Have You Played? is an endless stream of game retrospectives. One a day, every day of the year, perhaps for all time.
I got my arse kicked by the readership when I reviewed Banished and made it clear I didn't enjoy myself at all. I don't mind. I'm glad.
More and more, I subscribe to the idea that if someone professes to love something, what kind of critic is it to tell them that they're wrong? Sure, I'll quibble and what-about and point out problems they might have missed or dismissed, but I'm old and boring enough to no longer feel the fires of rage that someone dares to enjoy something I consider to be poor. (Only thing is, I do ask for the opposite to be true - if I don't like something, I don't want to be viciously told that I shouldn't be expressing such an opinion. It's OK not to enjoy something; it's not OK to tell someone else what they should or shouldn't enjoy, within reason, of course).
Banished is emblematic of that. I didn't enjoy myself, because for it was a punishing grind in order to achieve only a basic level of subsistence. I suppose I want to be a bit more indulged in my city-builders, and it's fair to say that I don't necessarily believe that embracing difficulty in videogames is noble in and of itself. Sometimes, yes - Far Cry 2, STALKER, Souls/Bloodborne - but Banished put me in mind of doing household chores, with the full, bleak knowledge that I would only have to repeat them all again days later.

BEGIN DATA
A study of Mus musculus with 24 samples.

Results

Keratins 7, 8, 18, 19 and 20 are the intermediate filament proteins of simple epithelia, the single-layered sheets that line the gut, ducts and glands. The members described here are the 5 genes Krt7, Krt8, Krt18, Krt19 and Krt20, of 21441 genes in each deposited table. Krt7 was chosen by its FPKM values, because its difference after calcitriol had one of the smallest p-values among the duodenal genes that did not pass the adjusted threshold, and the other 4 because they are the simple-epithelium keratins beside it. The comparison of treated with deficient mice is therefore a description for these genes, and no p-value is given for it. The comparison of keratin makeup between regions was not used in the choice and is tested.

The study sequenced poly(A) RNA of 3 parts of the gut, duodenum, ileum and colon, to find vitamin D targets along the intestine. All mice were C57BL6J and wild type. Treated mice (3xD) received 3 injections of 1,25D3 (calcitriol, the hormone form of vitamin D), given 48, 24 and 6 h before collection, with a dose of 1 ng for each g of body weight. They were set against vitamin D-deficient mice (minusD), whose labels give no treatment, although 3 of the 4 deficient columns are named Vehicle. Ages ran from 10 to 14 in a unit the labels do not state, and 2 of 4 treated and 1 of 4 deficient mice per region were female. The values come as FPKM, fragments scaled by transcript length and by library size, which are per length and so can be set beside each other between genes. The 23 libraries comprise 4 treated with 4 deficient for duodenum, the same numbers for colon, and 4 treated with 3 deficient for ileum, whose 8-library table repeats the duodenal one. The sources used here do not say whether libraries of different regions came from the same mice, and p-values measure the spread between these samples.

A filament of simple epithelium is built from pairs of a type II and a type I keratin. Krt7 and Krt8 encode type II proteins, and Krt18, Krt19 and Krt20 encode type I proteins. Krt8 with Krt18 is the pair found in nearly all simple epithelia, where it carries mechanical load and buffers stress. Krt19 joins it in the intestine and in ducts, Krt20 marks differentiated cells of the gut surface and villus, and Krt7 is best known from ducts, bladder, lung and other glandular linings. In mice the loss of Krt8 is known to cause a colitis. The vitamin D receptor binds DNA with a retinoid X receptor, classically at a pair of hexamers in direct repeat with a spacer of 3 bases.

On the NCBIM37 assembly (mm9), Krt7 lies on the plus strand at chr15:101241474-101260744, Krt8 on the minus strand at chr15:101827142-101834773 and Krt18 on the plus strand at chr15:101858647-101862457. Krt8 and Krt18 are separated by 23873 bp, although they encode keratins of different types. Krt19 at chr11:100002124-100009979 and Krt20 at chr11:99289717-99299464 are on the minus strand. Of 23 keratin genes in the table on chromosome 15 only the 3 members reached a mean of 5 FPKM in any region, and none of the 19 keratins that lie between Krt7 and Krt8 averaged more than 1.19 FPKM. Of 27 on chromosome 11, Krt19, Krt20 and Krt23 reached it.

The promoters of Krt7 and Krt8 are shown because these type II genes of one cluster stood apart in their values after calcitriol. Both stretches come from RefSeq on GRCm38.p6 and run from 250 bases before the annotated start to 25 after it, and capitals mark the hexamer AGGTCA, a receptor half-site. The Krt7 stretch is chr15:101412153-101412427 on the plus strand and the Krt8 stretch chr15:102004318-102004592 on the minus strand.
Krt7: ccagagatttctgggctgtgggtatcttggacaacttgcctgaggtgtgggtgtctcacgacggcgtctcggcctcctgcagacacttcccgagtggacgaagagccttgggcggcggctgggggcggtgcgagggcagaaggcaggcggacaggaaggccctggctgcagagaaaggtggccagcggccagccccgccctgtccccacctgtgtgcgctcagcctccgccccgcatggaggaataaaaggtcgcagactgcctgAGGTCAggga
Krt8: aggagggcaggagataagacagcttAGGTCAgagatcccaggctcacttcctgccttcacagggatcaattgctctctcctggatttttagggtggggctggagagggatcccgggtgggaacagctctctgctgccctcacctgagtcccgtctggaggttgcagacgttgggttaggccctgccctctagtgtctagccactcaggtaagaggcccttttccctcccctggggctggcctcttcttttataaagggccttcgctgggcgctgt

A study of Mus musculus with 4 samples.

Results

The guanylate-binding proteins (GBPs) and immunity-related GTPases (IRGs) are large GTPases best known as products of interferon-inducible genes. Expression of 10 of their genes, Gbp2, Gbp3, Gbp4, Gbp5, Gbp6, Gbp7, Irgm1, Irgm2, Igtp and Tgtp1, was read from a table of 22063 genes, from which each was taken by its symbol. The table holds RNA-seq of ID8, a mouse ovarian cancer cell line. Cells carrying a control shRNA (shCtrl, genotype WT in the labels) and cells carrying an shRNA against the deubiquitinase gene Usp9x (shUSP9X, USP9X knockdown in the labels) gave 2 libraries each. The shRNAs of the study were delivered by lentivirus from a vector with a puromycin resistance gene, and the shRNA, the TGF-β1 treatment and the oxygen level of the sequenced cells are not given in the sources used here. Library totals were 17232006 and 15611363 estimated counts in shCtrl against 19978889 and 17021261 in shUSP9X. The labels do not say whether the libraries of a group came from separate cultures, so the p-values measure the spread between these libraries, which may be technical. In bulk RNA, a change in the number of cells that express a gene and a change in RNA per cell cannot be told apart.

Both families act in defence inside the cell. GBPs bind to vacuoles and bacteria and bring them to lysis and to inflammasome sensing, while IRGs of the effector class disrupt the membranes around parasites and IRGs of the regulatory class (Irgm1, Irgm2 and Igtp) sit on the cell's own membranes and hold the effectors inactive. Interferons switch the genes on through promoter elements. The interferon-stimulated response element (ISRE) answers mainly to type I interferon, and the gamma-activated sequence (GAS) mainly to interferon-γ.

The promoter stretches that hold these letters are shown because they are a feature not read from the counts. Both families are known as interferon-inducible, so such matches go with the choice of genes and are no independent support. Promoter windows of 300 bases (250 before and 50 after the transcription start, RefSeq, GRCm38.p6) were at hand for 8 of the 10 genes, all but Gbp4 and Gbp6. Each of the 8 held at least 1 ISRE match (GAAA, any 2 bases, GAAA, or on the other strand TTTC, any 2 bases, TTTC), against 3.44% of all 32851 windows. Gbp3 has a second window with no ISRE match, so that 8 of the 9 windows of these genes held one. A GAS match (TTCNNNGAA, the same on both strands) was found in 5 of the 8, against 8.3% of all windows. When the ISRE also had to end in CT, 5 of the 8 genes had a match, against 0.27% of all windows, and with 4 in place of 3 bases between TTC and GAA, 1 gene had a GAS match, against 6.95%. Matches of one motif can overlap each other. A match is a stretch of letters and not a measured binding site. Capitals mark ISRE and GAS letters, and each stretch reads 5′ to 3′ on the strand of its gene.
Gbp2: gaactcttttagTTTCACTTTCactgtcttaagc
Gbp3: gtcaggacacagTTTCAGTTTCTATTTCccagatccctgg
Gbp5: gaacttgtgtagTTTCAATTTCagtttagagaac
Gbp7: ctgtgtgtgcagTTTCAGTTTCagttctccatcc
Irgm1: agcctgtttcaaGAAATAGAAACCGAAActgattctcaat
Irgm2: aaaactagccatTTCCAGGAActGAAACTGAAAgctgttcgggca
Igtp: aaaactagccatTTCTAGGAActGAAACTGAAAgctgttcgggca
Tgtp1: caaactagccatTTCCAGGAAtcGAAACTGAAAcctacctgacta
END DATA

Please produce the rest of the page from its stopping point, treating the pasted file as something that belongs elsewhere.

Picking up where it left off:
Many people disagreed with me. They adored the challenge, the sense of victory they gained from surviving the overwhelming. I was pleased. It's lovely to see people enjoying something, especially when that something is unusual and distinctive. Unless something is openly hateful, it deserves an audience of kindred spirits. Banished is not for me.
It came close to being something I wanted, which is why I personally felt disappointed, but it was for a lot of people - people who want a simulation of making do in a harsh wilderness, not the faker fantasy of vast cash-piles and rapid technological ascendance.
Funny thing, though - I suspect I'd like it more now. My life has become such that I regularly crave an escape to a simple life in an lonely place.